NHTI – Concord’s Community College is pleased to announce our Black Literature Book Club is now open to the public. This book club is one of our many initiatives aligned with the college’s Diversity, Equity, and Inclusion pillar of our Five-Year Strategic Plan.
The Black Literature Book Club is currently reading The Souls of Black Folk by W.E.B. Du Bois. This landmark book about being Black in America is now available in an expanded edition commemorating the 150th anniversary of W.E.B. Du Bois’s birth and features a new introduction by Dr. Ibram X. Kendi, the #1 New York Times bestselling author of How to Be an Antiracist, and cover art by Caldecott medalist Kadir Nelson.
NHTI’s Learning Commons Library has copies of The Souls of Black Folk in paper, digital, and audio formats for NHTI students, faculty, and staff including free digital access to the aforementioned commemorative edition. Please visit the Black Literature Book Club’s library guide page at bit.ly/nhtiblbc to access e-books, audiobooks, and/or request print copies of this title (curbside pick-up available). NHTI is grateful for our community partners which include the City of Concord Library as well as Gibson’s Bookstore, where you can find this special edition offered at a 10% discount.
Come join us as we continue to support Black authors and share observations and reflections on this timeless literary work on Tuesday, May 18, from 12-1 p.m. via Zoom: https://ccsnh.zoom.us/j/91250217890.
William Edward Burghardt Du Bois (1868–1963) was born in Great Barrington, Massachusetts. He attended public schools there prior to attending Fisk University, where he received his BA degree in 1888. Thereafter he received a second BA degree, and an MA and PhD from Harvard. He studied at the University of Berlin as well. He taught at Wilberforce University and the University of Pennsylvania before going to Atlanta University in 1897, where he taught for many years. A sociologist, historian, poet, and writer of several novels, Du Bois was one of the main founders of the National Association for the Advancement of Colored People. He was a lifelong critic of American society and an advocate of Black people against racial injustice. He spent his last years in Ghana, where he died in exile at the age of ninety-five.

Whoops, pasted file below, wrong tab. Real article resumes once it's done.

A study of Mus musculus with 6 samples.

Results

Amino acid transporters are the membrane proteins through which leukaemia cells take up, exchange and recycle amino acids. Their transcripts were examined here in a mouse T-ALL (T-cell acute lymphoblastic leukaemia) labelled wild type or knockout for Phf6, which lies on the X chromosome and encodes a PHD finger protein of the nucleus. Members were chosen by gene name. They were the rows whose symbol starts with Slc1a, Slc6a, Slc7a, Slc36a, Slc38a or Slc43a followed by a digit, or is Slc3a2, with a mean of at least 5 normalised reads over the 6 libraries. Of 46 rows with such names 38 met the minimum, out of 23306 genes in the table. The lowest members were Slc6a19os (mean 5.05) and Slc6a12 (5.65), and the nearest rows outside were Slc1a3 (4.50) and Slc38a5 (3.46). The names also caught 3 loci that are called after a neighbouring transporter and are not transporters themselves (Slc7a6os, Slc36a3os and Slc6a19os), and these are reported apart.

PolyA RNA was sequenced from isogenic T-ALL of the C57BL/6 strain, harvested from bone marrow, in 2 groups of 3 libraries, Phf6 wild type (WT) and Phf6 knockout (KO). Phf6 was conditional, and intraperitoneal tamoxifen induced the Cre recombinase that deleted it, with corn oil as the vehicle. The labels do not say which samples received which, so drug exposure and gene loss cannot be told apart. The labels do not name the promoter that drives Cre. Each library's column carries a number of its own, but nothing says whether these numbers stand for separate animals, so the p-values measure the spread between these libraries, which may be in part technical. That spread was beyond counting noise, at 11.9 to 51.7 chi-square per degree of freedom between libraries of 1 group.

Ibram X. Kendi (introduction) is the Andrew W. Mellon Professor in the Humanities at Boston University and the founding director of the BU Center for Antiracist Research. A contributing writer at The Atlantic and a CBS News correspondent, he is a coeditor, with Keisha N. Blain, of the #1 New York Times bestseller Four Hundred Souls and the author of many other books, including The Black Campus Movement, which won the W. E. B. Du Bois Book Prize; Stamped from the Beginning: The Definitive History of Racist Ideas in America, which won the National Book Award for Nonfiction; and three #1 New York Times bestsellers: How to Be an Antiracist; Stamped: Racism, Antiracism, and You, co-authored with Jason Reynolds; and Antiracist Baby, illustrated by Ashley Lukashevsky. Kendi lives in Boston, Massachusetts.
For more information about NHTI’s Black Literature Club, contact Bridie Mager at [email protected].
NHTI is a dynamic public institution of higher learning that provides accessible, rigorous education for students, businesses, and the community. We create pathways for lifelong learning, career advancement, and civic engagement, offering 90+ academic programs to 4,600+ students annually. NHTI is a member of the Community College System of New Hampshire and since 1969 has been accredited by the New England Commission of Higher Education, a nongovernmental, nationally recognized accrediting agency.